Gail and her service dog Tyrell were one of our very first canine vision teams we were honoured to light up with Head-Lites. It was with great sadness we had learned of Tyrell's cancer diagnosis in the spring of 2015 and his unfortunate passing shortly thereafter. For seven years Tyrell safely guided a completely blind Gail around the city of Vernon, B.C. A service dog had enabled her to live independantly day to day and just very recently Gail opened her heart up to a new friend. 

We had the pleasure of meeting up with Gail at the Lions Foundation Dog Guides training center in Oakville, Ontario. She was matched with a flat coated retriever named Merry and working with trainers to bond with her new service dog. I had asked Gail what it was like first meeting Merry and she shared a story with me. Merry's foster mother was present one day and the dog started jumping with excitement, reason unknown to Gail until the foster mother introduced herself. She had affectionately addressed Gail's new friend as "my Merry". Gail confided that her heart had sank wondering if her new friend would ever be "her Merry" and love her the same way she loved her foster mother. As a foster family, it is an incredibly bitter sweet moment when the dog you've raised in your home from the age of 7 weeks old must leave you for their bigger purpose in life. Volunteer foster families give the most important start in a puppy's path to becoming a service dog. The time spent at the training center together really becomes the key enabler to build up trust between the new handler and dog team.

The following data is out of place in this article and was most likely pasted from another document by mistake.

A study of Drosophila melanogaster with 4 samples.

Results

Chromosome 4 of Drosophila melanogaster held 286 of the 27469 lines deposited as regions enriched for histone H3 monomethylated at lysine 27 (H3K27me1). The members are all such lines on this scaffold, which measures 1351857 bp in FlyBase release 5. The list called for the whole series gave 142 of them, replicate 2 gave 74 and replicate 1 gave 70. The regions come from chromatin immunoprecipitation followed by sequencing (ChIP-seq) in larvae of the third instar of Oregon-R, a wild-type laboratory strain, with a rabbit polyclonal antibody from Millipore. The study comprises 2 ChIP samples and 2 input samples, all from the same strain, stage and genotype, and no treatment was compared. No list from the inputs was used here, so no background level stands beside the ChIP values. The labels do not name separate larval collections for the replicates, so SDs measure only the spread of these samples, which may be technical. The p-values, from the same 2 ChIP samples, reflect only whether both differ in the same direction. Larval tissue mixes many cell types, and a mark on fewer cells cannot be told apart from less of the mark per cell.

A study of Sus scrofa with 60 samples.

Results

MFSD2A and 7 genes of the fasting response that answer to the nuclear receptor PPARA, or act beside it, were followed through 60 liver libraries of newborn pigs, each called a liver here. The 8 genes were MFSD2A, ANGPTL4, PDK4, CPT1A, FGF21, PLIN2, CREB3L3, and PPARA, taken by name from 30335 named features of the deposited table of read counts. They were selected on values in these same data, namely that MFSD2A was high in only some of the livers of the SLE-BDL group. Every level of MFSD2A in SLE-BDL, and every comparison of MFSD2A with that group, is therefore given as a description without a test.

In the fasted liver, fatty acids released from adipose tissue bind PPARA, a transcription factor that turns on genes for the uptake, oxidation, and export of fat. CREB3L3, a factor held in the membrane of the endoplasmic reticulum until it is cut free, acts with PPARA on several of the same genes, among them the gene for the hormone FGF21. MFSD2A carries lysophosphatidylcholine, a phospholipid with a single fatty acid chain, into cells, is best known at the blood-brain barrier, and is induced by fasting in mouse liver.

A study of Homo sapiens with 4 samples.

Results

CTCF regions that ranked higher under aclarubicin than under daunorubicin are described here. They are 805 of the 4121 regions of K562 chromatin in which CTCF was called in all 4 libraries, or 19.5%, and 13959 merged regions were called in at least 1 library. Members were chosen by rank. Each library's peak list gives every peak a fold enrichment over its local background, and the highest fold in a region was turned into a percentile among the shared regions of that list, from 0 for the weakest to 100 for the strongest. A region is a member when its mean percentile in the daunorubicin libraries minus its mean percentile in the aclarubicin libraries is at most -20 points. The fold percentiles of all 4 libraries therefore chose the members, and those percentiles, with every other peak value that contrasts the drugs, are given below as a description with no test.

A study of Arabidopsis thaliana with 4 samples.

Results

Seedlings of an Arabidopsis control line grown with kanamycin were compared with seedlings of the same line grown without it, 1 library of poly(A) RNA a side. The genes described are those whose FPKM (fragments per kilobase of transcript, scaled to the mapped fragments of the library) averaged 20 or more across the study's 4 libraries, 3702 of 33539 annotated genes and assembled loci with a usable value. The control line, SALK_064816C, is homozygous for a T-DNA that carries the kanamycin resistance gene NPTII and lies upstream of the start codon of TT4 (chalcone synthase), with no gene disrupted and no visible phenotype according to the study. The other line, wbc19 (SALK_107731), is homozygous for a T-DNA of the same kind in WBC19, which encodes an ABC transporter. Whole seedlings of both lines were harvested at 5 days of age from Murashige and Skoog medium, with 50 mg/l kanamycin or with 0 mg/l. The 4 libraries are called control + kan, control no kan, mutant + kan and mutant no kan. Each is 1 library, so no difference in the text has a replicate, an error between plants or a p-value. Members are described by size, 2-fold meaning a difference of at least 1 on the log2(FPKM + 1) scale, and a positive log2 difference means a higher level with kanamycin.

A calm and placid Merry lay at Gail's feet as we chatted, clear that a special bond had cemented between the two. I then asked Gail when Merry had became "hers". She described sitting quietly in her room and just whispering Merry's name, and within a few paw pads, Merry was right at her side. She shared with me how the beautiful dog knew right away she was blind and had adapted her behaviour to meet Gail's needs. For example, their play time is a version of Marco Polo where Merry would utter a low play growl to let Gail know where she was so they could tug a toy together. If the game of the day was hide and seek, Merry would level the playing field with vocal cues to guide Gail around to her hiding spot. As playful as Merry is - when the working harness came on, it was all cool and calm business with Gail's safety first and foremost.

We wish Gail and all of her other canine vision classmates who graduated this past week all the best as they head off to their respective homes across Canada with their new life companions!

The Lions Foundation of Canada Dog Guides makes it possible for folks like Gail to receive a service dog free of charge all thanks to generous fundraising and donation efforts. It costs on average $25,000 per dog and countless hours of training and volunteer efforts. Here are some great ways you can help!